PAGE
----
Software Testing is an activity that requires intellectual and creative skills and Software can be tested in different ways, depending on the expertise and imagination of the Tester.


There are seven principles of Software Testing that can help us in the testing process; some of them might seem obvious, but its very useful to have them in mind when we are conducting a Test. These principles have been suggested over the past 40 years and offer general guidelines common for all testing.

Principle 1: Testing shows presence of defects.

It can show that defects are present, but cannot prove that there are no defects; reduces the probability of undiscovered defects remaining in the software but, even if no defects are found it is not a proof of correctness.

Principle 2: Exhaustive testing is impossible.

Testing everything (all combinations of inputs and preconditions) is not feasible except for trivial cases. Instead of exhaustive testing, we use risks and priorities to focus testing efforts.

Principle 3: Early testing.

Testing activities should start as early as possible in the software or system development life cycle and should be focused on defined objectives.

Principle 4: Defect clustering.

A small number of modules contain most of the defects discovered during pre-release testing or show the most operational failures.

Principle 5: Pesticide paradox.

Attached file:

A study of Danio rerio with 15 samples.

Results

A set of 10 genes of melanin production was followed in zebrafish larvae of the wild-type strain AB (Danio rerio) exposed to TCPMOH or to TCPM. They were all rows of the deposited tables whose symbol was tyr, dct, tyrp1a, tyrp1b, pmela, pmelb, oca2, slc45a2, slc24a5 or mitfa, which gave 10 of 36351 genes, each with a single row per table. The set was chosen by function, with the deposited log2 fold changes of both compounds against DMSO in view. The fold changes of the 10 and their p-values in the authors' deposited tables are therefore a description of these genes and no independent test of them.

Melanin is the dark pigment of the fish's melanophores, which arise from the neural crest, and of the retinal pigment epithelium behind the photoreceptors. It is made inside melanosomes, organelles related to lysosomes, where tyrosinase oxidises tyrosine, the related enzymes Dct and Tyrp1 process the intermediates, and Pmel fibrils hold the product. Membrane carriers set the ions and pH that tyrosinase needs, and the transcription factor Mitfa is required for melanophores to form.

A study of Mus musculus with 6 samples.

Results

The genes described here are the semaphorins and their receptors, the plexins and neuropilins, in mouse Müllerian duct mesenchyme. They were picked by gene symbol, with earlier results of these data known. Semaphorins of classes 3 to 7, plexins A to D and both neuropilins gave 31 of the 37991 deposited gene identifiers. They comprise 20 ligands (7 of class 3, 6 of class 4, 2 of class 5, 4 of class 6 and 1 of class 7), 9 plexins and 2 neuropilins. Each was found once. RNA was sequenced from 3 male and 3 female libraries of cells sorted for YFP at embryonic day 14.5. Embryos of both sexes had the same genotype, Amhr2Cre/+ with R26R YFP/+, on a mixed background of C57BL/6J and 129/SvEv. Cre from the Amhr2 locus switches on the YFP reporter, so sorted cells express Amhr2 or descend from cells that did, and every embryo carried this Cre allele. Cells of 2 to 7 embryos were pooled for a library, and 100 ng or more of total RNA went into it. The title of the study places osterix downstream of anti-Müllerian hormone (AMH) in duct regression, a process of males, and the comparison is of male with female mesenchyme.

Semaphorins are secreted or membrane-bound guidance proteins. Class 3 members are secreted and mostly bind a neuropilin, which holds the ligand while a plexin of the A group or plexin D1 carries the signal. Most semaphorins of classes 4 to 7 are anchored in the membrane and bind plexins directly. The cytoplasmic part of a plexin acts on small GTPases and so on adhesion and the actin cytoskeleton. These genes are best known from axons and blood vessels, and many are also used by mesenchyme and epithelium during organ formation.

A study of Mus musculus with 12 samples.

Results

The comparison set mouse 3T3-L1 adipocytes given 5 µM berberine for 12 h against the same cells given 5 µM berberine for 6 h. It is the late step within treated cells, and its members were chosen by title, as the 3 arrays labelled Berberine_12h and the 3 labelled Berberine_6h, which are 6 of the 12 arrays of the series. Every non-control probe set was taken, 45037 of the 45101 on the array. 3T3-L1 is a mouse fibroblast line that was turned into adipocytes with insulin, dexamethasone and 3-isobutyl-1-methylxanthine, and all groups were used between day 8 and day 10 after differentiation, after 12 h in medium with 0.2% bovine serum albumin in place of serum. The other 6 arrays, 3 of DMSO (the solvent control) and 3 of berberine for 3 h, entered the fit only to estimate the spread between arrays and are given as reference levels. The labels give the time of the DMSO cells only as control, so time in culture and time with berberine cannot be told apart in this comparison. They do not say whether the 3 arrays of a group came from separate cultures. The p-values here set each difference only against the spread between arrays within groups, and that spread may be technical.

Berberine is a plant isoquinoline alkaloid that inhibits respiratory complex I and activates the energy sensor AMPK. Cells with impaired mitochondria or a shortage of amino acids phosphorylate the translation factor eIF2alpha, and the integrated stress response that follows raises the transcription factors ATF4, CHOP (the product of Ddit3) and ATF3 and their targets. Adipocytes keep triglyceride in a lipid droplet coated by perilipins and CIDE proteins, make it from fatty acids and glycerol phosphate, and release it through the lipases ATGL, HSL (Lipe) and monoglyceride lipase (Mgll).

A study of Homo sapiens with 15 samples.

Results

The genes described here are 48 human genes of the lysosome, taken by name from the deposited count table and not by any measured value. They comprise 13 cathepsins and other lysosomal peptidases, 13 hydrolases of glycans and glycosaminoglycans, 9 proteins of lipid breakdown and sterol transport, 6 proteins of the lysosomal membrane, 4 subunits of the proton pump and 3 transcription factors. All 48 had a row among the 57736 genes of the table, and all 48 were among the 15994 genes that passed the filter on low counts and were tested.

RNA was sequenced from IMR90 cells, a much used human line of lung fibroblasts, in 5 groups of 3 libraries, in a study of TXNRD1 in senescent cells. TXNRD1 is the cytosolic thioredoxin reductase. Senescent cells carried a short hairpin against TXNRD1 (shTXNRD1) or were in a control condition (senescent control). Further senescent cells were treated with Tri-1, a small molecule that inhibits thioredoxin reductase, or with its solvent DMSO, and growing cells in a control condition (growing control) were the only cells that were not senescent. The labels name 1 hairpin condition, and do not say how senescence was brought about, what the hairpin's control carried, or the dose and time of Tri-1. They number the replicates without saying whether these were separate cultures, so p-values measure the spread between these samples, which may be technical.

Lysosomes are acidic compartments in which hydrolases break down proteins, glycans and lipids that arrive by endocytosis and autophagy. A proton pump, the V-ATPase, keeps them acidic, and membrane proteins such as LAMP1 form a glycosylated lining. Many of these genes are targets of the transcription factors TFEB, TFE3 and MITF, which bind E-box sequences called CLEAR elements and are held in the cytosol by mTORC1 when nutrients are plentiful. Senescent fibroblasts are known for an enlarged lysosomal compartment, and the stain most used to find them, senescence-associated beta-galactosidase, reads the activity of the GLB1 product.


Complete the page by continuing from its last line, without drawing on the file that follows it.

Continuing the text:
If the same tests are repeated over and over again, eventually the same set of test cases will no longer find any new bugs. To overcome this ‘pesticide paradox’, the test cases need to be regularly reviewed and revised, and new and different tests need to be written to exercise different parts of the software or system to potentially find more defects.

Principle 6: Testing is context dependent.

Testing is done differently depending on the context. For example, safety-critical software is tested differently from an e-commerce site.

Principle 7: Absence-of-errors fallacy.

Finding and fixing defects does not help if the system built is unusable and does not fulfill the users’ needs and expectations.
Source: ISTQB Syllabus.


Ivan V.

Ivan has 7 years of experience as a developer and 5 more as a Quality Assurance Engineer, making this 12 years of an amazing career; he has an MS in IT and has specially focused on Java, SQL and QA process. Born in Mérida, Yucatán, he moved to Monterrey some years ago and has been working with us for a while now; among his hobbies are playing the guitar an attending concerts, but the one we all have come to know is his passion for basketball which has made him a key player for the Inflection Point basketball team. He has some pretty cool posts into the blog that you’ll love to read.